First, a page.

In search of a Swiss weekend break, Chris Court follows the bear prints to bustling Bern.
More than 900 years ago the founding father of a Swiss city went hunting and shot the first animal he came across – a bear.
The legendary hunter, Berchtold V, Duke of Zahringen, named the city Bern, after his prey, and centuries later the symbolic animal seems to be everywhere in the Swiss capital.
During my stay in buzzy, beautiful Bern I have to admit that spotting the bear symbols in the medieval streets of the World Heritage Site old town becomes a mini obsession. Perhaps because I am staying in the city centre Baren Hotel – complete with a large golden bear above the entrance and just a short stroll from the huge Barenplatz (‘bar’ is German for bear), with its bustling daily market and outdoor cafe culture.
The creatures, which centuries ago would wander the city streets, now not only appear on the city flag, public transport, clocks and buildings, but there’s also a bear statue, a bear fountain, and you can even wear a bear tie.
I sample bear-shaped sponge cakes in many flavours, and spot a bear incorporated in the mountain-shaped logo of the Bern-made Toblerone chocolate bar.
Even the cartoon character in my hotel room, urging me to turn off the lights to save energy, is a bear.
Then there’s the popular 24 million euro Bear Park, with its grassy slopes, caves and pool alongside the fast flowing, clear waters of the river Aare, home to a pair of bears, Bjork and Finn, and their two offspring, Ursina and Berna.
Naturally, there’s a special bear tour through the fascinating historic city, which flight times from London make a feasible weekend break.
The compact old town, built on a peninsula formed by the Aare, is a maze of streets with sandstone buildings and red tiled roofs, ideal for leisurely exploration, dotted with outdoor cafes where you can watch the world go by.
The Bernese are said to lead an unhurried lifestyle; with so much to catch the eye and explore, you can see why.
I sample just a fraction of what the city and surrounding area has to offer, but find myself easily agreeing with the view taken by Johann Wolfgang Von Goethe in the 18th century when he declared “this is the most beautiful place we have ever seen”.
From certain vantage points, snow-capped mountains line the horizon (the mighty Jungfrau, one of the highest summits in the Bernese Alps is just an hour away), and idyllic, open countryside is on your doorstep, thanks to Switzerland’s extensive, on-time public transport network.
In the old town itself, the 16th century Clock Tower – once a city gate – draws huge crowds.
I climb a well-worn stone spiral stairway to marvel at the centuries old mechanics, still hand-wound to this day, and ascend as high as I can into the tower’s beams, to take in fantastic 360-degree views of the region.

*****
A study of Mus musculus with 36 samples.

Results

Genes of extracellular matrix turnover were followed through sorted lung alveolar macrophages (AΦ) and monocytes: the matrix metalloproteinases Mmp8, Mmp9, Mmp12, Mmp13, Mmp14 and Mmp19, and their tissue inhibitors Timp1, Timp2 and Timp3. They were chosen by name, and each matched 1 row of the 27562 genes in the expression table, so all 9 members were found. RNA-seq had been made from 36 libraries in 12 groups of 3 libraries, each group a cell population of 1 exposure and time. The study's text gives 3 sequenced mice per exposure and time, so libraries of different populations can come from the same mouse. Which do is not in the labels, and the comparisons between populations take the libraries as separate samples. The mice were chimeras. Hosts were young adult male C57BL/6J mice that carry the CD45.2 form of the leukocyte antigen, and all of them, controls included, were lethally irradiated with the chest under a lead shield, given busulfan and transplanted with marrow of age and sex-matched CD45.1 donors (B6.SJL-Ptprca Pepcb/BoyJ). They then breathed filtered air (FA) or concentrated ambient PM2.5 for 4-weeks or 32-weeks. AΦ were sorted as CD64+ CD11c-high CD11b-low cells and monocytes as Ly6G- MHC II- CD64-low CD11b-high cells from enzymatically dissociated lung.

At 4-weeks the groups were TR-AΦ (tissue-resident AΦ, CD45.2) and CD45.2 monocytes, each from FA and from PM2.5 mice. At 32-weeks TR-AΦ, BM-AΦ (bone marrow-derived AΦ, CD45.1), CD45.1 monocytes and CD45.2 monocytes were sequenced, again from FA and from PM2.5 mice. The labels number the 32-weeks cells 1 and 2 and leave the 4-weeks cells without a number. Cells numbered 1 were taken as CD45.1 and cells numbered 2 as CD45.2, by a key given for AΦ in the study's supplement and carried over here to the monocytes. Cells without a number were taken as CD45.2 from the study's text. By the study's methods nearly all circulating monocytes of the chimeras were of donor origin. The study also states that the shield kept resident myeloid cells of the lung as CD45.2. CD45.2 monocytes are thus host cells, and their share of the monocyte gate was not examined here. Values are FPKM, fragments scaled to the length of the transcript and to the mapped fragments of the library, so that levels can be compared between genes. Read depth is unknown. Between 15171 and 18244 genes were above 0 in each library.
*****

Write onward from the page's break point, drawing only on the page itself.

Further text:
Bern’s Parliament building, in the city centre, is also worth a visit. As the sun glistens on its three gilded domes, 26 fountains set into the square in front of the building shoot jets of water into the air, as youngsters in their swimsuits splash and play.
Just a short stroll away, set in its own square, is the towering Gothic Cathedral with the tallest spire in Switzerland and more than 200 painted wooden and stone figures.
Albert Einstein lived in Bern for seven years from 1902. This is celebrated with a fascinating exploration of his life, housed in the city’s Historical Museum, which you can enter through a spectacular hall of mirrors.
The Aare plays a key part in city life; locals and visitors enjoy pleasant waterside walks, while others drift downstream on inflatables.
A popular gathering place is the Marzili river pool, in use since the 18th century, where locals cool off in the Aare, or the nearby 50 metre pool.
I cross the river and walk up to the Rose Garden – home to more than 400 species of rose, irises and rhododendrons – a large park with wonderful elevated views over the Old Town peninsula from the terrace, a perfect spot for lunch.
The riverbank is also the setting for one of Bern’s most stylish restaurants, the Schwellenmaetteli, where I dine on the open air decking, the river thundering over a weir just metres away.
Another night, in the Old Town, I enjoy a traditional meal in the spectacular 18th century Kornhaus, a cavernous former vaulted cellar.
There is also a lot to do and see outside Bern, including learning how the country’s famous Emmental cheese is made.
Back in Bern, before flying home, I learn that the city has another claim to fame, apart from bears.
Bern – said to have the most beautiful girls in Switzerland – was home to the young Dr No Bond girl, film star Ursula Andress.
Ursula, of course, means ‘female bear’.
Chris Court was a guest of Thomson Lakes & Mountains, which offers three nights’ B&B at the three-star Hotel Baren in Bern from £569, including flights with Swiss ex-Heathrow into Zurich, and train transfers.
Reg departures incl Manchester (£60), Birmingham (£40) and Glasgow via-Heathrow (£80).
For reservations call 0871 230 8181 or visit thomsonlakes.co.uk.
For more information about Bern visit www.bern.com and www.mySwitzerland.com.